I've been thinking about putting together a few small "kits" ie... food, ammo, etc... in a waterproof container, and burying it in an area that is fairly safe from development. For example, I live within 10 miles of a 1300 acre park that seems to be an ideal place.

However, there's certainly some risk involved, particularly if someone happened to spot you in the process.

Has anyone done this? If so, where (generically speaking of course) what sort of container did you use, how deep did you bury it, etc...

Thanks
David
 

You will have to make sure buckets or PVC Pipe you use wont float up in saturated soil (had a few do that).

Mine are fer in case I am forced to relocate, or temporarily abandon my place.
Used PVC pipe, buried about 2 feet down, with wood (limbs) into the side walls of the
pit and across the pipe to help keep it down.

They are also useful if you have a distance ta go to get to your BOL.
That way you can (if ya have ta hoof it) travel lighter and faster.
 

 

 

 

Thanks all!

The PVC is a great idea! I remember that being used on top of a mountain in Wa. State with a journal in it for people to sign. In fact, I think that would be small enough to easily hide almost anywhere...

A bucket with a Gamma seal lid would be also be a suitable container.

I agree with GPS & pics, hopefully we won't be living in the stone age where our GPS satellites have been knocked outta the sky :)

Finding the right location seems to be the tricky part.

David
 

 

Pros/Cons???
 

Get as large of PVC pipe in diameter as you can, get two screw on end caps for each side. You can get the supplies at most Lowes or Home Depots.
I would go with 6 inch or larger if you can find it.
Drill a hole (about 453" or .625") in the pipe after you put the ends on it and put an automovtive tire valve stem in it. Once the objects are in the tube and the ends sealed, place a few pounds (not to much or you will blow it up, PVC is marked on how much air presure it will take) of nitrogen in the tube. Most all tire stores can inflate it for you. Nitrogen has zero moisture in it so I say use it instead of regular compressed air. However compressed air will still work if you have an inline air dryer on it. This keeps moisture out of you goods.


Don't use the rubber style caps like shown just the screw on ones.
 

 


Under high tension wire skeletons in the country is another good one, especially for weapons since any metal detector will go wild due to the metal all around it, let alone the magnitization from the flowing electrical current will make metal detecting null and void. Even if its suspect you buried 4 mini guns there by the feds, they would literally have to have that grid area and several other grids power shut down and affect thousands of homes, so the odds of discovery are only if you are seen going to and from that location.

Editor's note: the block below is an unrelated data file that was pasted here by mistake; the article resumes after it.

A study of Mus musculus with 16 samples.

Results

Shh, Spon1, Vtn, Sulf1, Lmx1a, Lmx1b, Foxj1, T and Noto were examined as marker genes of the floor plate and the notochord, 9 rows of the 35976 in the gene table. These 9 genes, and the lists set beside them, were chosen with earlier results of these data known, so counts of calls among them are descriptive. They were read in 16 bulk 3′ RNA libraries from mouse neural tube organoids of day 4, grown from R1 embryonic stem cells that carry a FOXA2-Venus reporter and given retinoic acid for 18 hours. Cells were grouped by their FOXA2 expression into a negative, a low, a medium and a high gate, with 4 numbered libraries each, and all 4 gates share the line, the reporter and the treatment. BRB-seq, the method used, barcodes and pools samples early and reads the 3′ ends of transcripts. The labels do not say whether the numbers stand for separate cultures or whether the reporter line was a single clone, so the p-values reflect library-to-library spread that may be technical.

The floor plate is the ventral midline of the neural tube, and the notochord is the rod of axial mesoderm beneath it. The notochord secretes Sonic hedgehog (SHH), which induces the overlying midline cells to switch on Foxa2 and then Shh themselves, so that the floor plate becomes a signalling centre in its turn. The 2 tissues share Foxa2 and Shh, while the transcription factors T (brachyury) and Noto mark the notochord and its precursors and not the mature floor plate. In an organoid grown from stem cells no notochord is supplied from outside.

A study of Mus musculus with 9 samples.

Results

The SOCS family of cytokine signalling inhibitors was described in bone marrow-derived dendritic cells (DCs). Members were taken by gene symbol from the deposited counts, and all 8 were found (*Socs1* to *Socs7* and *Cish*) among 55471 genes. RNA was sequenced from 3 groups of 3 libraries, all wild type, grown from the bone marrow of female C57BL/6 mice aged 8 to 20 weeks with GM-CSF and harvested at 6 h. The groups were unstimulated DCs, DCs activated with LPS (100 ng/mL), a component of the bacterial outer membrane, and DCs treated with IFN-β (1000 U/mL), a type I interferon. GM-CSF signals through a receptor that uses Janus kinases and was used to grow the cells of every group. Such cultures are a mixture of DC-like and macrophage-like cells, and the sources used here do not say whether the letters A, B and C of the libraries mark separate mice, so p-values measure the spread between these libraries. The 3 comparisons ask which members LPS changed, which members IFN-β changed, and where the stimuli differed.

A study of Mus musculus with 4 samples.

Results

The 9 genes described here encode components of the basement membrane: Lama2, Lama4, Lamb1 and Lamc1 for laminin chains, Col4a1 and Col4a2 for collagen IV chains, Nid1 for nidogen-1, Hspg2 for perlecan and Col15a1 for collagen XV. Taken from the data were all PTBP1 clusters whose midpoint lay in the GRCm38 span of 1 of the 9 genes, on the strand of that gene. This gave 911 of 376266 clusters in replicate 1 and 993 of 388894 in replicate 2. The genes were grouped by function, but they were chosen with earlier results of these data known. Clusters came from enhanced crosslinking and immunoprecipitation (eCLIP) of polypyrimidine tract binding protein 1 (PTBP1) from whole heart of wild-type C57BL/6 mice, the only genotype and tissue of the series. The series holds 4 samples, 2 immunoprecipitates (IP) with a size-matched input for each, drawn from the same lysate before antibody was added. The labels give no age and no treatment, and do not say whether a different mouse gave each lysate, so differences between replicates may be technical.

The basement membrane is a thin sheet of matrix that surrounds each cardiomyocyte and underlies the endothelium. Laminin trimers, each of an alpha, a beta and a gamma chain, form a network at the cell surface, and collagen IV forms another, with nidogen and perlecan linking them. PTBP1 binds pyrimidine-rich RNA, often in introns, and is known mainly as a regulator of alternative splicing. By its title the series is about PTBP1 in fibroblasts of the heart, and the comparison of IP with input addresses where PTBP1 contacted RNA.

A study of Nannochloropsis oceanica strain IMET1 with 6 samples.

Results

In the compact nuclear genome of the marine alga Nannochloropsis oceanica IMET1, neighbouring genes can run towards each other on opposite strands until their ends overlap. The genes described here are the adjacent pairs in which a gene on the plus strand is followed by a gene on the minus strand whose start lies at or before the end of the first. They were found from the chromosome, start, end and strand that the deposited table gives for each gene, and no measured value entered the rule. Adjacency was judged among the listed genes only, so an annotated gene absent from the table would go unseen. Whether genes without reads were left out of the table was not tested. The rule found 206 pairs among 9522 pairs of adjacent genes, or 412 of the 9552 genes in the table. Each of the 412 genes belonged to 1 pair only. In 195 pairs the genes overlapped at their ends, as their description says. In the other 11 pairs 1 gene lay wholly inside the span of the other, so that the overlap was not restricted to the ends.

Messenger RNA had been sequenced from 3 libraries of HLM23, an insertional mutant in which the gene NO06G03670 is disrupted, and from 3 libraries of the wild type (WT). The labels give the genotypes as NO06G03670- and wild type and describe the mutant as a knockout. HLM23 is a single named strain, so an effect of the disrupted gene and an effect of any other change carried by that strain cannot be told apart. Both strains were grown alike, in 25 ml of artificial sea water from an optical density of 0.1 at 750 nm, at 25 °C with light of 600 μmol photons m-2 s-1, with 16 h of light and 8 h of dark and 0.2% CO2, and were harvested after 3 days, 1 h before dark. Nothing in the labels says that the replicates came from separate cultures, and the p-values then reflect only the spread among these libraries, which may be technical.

If you got land and could spend time digging without being noticed, get you an old refridgerator or broken drop freezer and dig a hole for it so the closed door or lid is 2 feet below the ground, measuring well will ensure this. Once the hole is dug, cart it out to the hole and drop it in, then load up your goods you plan on stashing for a long time in it and pack it as full as you can, 02 pack top and bottom, close the lid or door then seal it with tar, bondo, layers of plastic, you name it so it will endure lots of ground moisture soaked up from heavy rain or melted snow. Now this is the type of long term stash youd only go to when youve depleted everything else so be wise on what you store in it, like #10 cans of mountain house foods is a prime example, perhaps some clothes, long storable medicines, you get the idea. So when the time comes to where your ribs are showing, you need only dig around the lid, and break it off if need be and remove the contents. As long as you are smart about sealing the freezer or fridge and what you put into it, youre golden.
 


In some areas, caching is quite feasible. Being mostly desert here, it's pretty easy too. They can be a pain to maintain though. Some of the things such as fuel, need regular freshening.
 

 


I think the coolest one was a PVC pipe where the owner had hot-glued pine bark on it.... it looked like a broken off limb.
 


Kinda like the people that claim to know of a cave that nobody else knows about. I'm confident that no matter how out of the way a cave or the "Perfect spot" is, someone has ran across it before. :) but extras hidden here or there would be worth the effort I think.